The Death of Bees by Lisa O'Donnell
Hardcover, 311 pages
"Today I buried my parents in the backyard.
Neither of them were beloved."
Marnie and her little sister, Nelly, are on their own now. Only they know what happened to their parents, Izzy and Gene, and they aren't telling. While life in Glasgow's Maryhill housing estate isn't grand, the girls do have each other.
As the New Year comes and goes, Lennie, the old man next door, realizes that his young neighbors are alone and need his help. Lennie takes them in—feeds them, clothes them, protects them—and something like a family forms. But soon, the sisters' friends, their teachers, and the authorities start asking tougher questions. As one lie leads to another, dark secrets about the girls' family surface, creating complications that threaten to tear them apart.
Written with fierce sympathy and beautiful precision, told in alternating voices, The Death of Bees is an enchanting, grimly comic tale of three lost souls who, unable to answer for themselves, can answer only for one another.
Marnie, 15, and Nelly, 12, are sisters who have just buried their parents, Gene and Izzy, in the backyard in The Death of Bees by Lisa O'Donnell. When their father is discovered dead by their mother, who then hangs herself in the shed, the girls decide to bury them both in the backyard so Marnie and Nelly can stay together and won't be sent to foster care. Once Marnie is sixteen she can legally be on her own and take care of Nelly, guaranteeing that they will both be safe.
Even when their drug addicted, alcoholic, neglectful, and irresponsible parents were alive, the girls were often on their own, fending for themselves. What the girls weren't counting on was Lenny, their elderly gay next-door neighbor in their Glasgow, Scotland, housing estate noticing their parents had, by all appearances, abandoned them. He steps up to offer some measure of stability and support for them. He believes the girls when they tell him that their parents have left the country for an extended trip in Turkey. With Lenny, the trio form an odd family-like relationship - until their grandfather enters the picture.
Although the details of the circumstances that cause the girls to accept Lenny's companionship are gruesome, they make an endearing set of misfits. The chapters are all in Marnie, Nelly, or Lenny's voice. Marnie's chapters are hard. She's drinking, smoking, promiscuous, and seemingly headed down the same destructive path as her parents, even though she is an intelligent teen who could potentially overcome her circumstances. She's a realist, tough talking, and brutally blunt and to the point. Nelly's chapters are often short. She is a violin prodigy, who is most certainly on the autism spectrum. She often speaks in a stilted old-fashioned manner and is socially awkward. Lenny's chapters are all written as if he is talking to his longtime companion and lover who recently died. He's been labeled the neighborhood pervert, but he is longing for redemption. He wants to care for another person again and he slowly takes the girls under his wing, caring for them as best he can even while he doesn't quite understand the extent of the psychological damage that has already been done to them.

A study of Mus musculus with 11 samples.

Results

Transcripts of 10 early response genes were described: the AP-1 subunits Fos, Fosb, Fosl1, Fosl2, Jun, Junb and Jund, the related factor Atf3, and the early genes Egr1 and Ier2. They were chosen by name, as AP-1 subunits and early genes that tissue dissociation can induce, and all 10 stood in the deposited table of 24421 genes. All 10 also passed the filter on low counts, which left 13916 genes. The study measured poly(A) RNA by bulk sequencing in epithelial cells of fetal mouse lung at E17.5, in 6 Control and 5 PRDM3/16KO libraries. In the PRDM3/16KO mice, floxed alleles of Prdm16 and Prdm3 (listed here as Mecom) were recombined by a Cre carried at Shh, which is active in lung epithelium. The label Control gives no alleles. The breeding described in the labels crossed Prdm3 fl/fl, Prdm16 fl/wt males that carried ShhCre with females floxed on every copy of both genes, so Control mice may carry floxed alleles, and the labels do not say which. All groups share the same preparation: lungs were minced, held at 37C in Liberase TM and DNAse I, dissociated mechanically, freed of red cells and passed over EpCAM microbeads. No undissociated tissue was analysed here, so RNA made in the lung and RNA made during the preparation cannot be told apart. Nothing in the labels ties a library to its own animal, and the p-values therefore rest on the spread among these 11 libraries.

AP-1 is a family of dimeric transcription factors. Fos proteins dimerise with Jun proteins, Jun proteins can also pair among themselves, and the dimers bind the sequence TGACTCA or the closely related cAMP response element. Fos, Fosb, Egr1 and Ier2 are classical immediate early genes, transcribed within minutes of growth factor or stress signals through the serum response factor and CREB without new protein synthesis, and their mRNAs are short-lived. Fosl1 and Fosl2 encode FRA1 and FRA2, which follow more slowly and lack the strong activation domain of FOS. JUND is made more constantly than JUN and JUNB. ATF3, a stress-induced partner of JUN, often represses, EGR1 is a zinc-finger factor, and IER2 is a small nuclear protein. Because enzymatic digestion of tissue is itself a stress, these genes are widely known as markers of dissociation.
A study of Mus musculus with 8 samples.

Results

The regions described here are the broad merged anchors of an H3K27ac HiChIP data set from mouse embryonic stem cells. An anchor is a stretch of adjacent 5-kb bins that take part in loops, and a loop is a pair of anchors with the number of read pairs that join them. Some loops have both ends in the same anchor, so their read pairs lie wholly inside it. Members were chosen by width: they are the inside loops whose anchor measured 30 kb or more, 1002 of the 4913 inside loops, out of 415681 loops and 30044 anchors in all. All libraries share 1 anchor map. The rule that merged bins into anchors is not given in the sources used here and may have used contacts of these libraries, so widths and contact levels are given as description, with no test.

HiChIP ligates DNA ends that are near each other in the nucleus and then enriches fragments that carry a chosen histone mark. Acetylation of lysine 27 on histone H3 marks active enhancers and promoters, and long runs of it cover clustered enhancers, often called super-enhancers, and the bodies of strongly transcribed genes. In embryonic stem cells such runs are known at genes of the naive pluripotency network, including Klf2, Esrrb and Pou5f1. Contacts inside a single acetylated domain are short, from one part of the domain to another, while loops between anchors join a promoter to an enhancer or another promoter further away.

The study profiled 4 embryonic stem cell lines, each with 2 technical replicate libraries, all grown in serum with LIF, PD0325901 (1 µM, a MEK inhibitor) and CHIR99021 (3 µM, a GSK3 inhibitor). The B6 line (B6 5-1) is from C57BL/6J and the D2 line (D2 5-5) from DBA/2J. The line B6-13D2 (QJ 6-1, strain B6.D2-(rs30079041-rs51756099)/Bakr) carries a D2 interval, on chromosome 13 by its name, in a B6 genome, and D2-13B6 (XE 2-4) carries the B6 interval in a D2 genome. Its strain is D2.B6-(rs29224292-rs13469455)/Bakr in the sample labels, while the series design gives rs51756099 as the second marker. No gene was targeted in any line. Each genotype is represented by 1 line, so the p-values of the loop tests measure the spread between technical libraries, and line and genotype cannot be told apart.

What you might not expect is the humor mixed in with the grim in this coming-of-age story that also deals with normal adolescence pressures. The characters are believable and well developed. To be honest, the beginning chapters, when the girls are burying their parents, are repulsive and gruesome. But as the book continues it is painfully clear that all of these characters are wounded in some way. By the time the girls and Lenny connect, it is slowly becoming more and more apparent just how much they all need each other. Since we get to hear each of their individual voices, I felt a connection to all three of them and wanted desperately for everything to be okay - even though they were all in an impossible situation where a good ending seemed highly unlikely.
The writing was also incredible. Even when relating the most appalling details, O'Donnell manages to insert bits of humor. The bond between sisters is palatable, even when they are feuding, we know that they will eventually reunite and forgive. I appreciated the unspoken message that we can decide what will constitute a family; even an unconventional family is still a family and can offer love, support and stability. While O'Donnell is an accomplished screenwriter, this is her debut novel - and what a glorious debut it is. Grim, yes, but also very well crafted. I'll be looking forward to another novel from Lisa O'Donnell. (The trade paperback of The Death of Bee was just released on October 22, 2013.)
Very Highly Recommended
Disclosure: I received an advanced reading copy of this book from HarperCollins and TLC for review purposes.